Authored by Bloomberg's Richard Breslow,
Fischer, Not Draghi, Will Be The Enduring Story
ECB President Mario Draghi garnered the lion’s share of yesterday’s headlines with his uber dovish speech at the Sintra banking forum. And rightly so. If anyone doubted that monetary policy expectations have lost their ability to move markets, that notion was categorically put to rest. Which, undoubtedly, was part of the point.
All of the bang, and it didn’t cost a cent.
From that perspective, he did a favor to other central banks that have been trying to convince their investors they still have additional and effective instruments in their toolkit. But it is hard not to wonder if he had intended to reach another equally important audience: His own Governing Council.
He, like all of his peers, like to say, somewhat disingenuously, they don’t like to pre-commit. Which is true unless it suits their forward guidance objectives. Well, he essentially did commit, on behalf of the candidates running to succeed him, that the public argument will be between whether to act boldly as necessary, or bide their time. Dare I say, be patient.
It will be difficult for a hopeful, let alone other Council members, to make much headway asserting that the Bank has done enough and should push on with normalization. The race won’t come down to a straight dove versus hawk debate. Something to remember as we search for headlines to trade off of.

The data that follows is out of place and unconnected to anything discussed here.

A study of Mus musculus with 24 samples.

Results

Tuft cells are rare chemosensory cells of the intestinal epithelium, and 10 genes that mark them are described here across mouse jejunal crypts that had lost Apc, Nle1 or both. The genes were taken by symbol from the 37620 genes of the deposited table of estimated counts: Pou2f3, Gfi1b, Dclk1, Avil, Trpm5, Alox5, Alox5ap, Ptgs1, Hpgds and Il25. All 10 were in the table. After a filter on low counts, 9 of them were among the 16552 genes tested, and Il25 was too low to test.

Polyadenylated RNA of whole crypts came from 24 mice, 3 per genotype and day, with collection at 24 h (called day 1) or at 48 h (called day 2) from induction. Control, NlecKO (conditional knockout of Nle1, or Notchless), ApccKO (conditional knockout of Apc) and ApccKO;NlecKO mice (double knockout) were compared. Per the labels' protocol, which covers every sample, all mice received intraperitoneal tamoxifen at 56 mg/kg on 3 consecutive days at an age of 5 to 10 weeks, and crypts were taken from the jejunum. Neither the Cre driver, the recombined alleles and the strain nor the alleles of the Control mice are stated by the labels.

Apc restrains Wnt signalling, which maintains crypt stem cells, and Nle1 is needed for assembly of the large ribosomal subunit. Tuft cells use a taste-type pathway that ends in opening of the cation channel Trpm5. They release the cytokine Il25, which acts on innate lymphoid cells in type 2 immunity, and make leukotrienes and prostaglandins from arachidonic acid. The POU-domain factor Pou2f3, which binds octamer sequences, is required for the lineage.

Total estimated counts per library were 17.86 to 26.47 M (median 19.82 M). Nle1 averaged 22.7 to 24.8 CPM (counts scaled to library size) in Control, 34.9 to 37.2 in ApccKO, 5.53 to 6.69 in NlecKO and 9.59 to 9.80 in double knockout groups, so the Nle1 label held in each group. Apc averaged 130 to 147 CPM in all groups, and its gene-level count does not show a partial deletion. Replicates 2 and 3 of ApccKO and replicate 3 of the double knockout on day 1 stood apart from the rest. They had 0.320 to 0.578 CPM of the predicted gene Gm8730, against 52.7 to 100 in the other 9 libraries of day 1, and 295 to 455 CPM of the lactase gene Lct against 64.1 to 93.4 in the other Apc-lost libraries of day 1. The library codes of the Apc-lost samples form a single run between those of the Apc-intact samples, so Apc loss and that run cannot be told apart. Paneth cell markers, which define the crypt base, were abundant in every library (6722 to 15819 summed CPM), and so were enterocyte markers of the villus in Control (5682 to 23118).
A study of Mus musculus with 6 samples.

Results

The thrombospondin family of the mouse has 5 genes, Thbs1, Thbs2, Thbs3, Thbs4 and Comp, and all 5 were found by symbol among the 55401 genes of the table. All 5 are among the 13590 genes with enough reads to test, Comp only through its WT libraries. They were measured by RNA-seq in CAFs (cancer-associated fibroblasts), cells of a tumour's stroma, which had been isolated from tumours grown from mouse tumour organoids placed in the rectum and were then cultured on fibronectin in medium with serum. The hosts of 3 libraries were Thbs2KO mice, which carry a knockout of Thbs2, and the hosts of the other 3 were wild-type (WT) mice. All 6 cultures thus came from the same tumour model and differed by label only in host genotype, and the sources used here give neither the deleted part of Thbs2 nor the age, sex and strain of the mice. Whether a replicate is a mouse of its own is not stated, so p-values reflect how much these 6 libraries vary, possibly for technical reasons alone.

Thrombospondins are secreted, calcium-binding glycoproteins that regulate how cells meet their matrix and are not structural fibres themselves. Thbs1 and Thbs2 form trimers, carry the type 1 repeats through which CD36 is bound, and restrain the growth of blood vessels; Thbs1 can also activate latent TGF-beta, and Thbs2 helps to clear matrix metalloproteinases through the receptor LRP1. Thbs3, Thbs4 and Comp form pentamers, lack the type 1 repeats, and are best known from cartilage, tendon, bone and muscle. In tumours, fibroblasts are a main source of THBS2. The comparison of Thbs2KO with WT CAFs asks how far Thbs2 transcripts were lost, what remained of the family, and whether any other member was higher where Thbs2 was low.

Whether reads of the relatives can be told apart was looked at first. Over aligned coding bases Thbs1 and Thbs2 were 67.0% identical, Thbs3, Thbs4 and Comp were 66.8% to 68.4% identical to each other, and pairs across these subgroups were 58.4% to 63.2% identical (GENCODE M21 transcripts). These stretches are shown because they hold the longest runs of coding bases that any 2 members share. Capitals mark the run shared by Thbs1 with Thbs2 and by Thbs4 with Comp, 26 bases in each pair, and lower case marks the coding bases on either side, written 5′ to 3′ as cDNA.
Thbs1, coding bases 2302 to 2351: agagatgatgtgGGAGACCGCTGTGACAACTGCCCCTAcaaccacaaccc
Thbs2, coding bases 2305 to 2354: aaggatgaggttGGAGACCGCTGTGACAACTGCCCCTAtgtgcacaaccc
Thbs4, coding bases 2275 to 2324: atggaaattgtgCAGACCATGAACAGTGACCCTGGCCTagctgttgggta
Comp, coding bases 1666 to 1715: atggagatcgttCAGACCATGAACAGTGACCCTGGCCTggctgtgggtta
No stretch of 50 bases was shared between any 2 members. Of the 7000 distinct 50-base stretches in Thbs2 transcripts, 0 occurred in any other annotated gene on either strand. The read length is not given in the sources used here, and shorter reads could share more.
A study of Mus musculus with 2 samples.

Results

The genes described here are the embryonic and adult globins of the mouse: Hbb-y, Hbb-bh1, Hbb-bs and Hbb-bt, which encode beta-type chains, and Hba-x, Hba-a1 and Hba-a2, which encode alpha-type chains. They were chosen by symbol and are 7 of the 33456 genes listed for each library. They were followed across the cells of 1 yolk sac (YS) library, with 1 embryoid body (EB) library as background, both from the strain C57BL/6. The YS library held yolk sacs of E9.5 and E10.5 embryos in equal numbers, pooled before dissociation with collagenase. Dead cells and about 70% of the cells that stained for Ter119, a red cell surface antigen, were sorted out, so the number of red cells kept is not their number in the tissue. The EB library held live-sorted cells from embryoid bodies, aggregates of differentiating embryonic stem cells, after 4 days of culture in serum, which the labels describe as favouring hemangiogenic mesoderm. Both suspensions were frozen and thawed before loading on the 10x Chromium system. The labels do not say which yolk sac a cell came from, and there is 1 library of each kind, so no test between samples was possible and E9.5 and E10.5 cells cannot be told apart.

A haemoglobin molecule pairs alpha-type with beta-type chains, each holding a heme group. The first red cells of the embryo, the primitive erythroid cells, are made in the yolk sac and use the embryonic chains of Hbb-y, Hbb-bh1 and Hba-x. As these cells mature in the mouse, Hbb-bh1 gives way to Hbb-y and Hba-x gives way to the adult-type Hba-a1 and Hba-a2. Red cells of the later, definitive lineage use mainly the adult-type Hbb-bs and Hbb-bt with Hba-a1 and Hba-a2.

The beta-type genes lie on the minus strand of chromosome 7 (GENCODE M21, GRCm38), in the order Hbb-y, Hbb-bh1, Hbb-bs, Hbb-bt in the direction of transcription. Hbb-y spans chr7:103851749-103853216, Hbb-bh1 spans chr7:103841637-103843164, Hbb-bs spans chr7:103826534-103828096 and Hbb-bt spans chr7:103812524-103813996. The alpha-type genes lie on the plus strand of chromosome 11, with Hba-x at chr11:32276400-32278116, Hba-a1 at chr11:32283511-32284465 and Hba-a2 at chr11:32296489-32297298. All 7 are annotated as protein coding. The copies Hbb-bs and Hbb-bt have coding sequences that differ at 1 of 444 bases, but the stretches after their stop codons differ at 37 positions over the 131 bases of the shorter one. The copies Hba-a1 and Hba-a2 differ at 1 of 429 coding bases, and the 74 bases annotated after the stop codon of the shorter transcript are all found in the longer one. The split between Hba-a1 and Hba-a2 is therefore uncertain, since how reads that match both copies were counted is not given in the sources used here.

Yet, as resolute as he sounded, it would most likely be a mistake to think he is ready to pull the trigger anytime soon. Especially because it appears that he took many of his own colleagues by surprise with a message that went beyond the discussions at their recent meeting.
Ex-ECB Chief Economist Peter Praet’s comment on Bloomberg TV that “Markets don’t say act now, they want to be reassured” is probably the most accurate interpretation of how the GC sees things. They don’t know how the trade discussions will end up any better than anyone else. It’s more than ironic that from the outside looking in, the much cited “global headwinds” meant to help explain the ECB’s dovish tilt are coming from the U.S., not the other way around.
Some of Draghi’s press conference comments, however, probably should have been taken at greater face value than they were at the time. And it is interesting to see that periphery yields and equities have maintained most of yesterday’s moves.
As we await the FOMC’s decision, it’s well worth the time to reread the comments of the last few days from Fed ex-Vice Chairman Stanley Fischer. He thoroughly rejected the notion that central bank bashing is just noise. If you want to handicap what to expect, you must consider this line:
“Fischer also said there was a good chance the Fed wouldn’t have raised borrowing costs in December if Trump had been less vocal.”
That’s an astounding notion. Especially coming from a Fed defender.
It actually opens up the possibility that if they tilt, in either direction, it could be portrayed as politically motivated. And opens up a whole big can of worms about policy mistakes. A lot is expected of this meeting. Whether they end up doing something or not, the best choice really might be to stick with “patient.”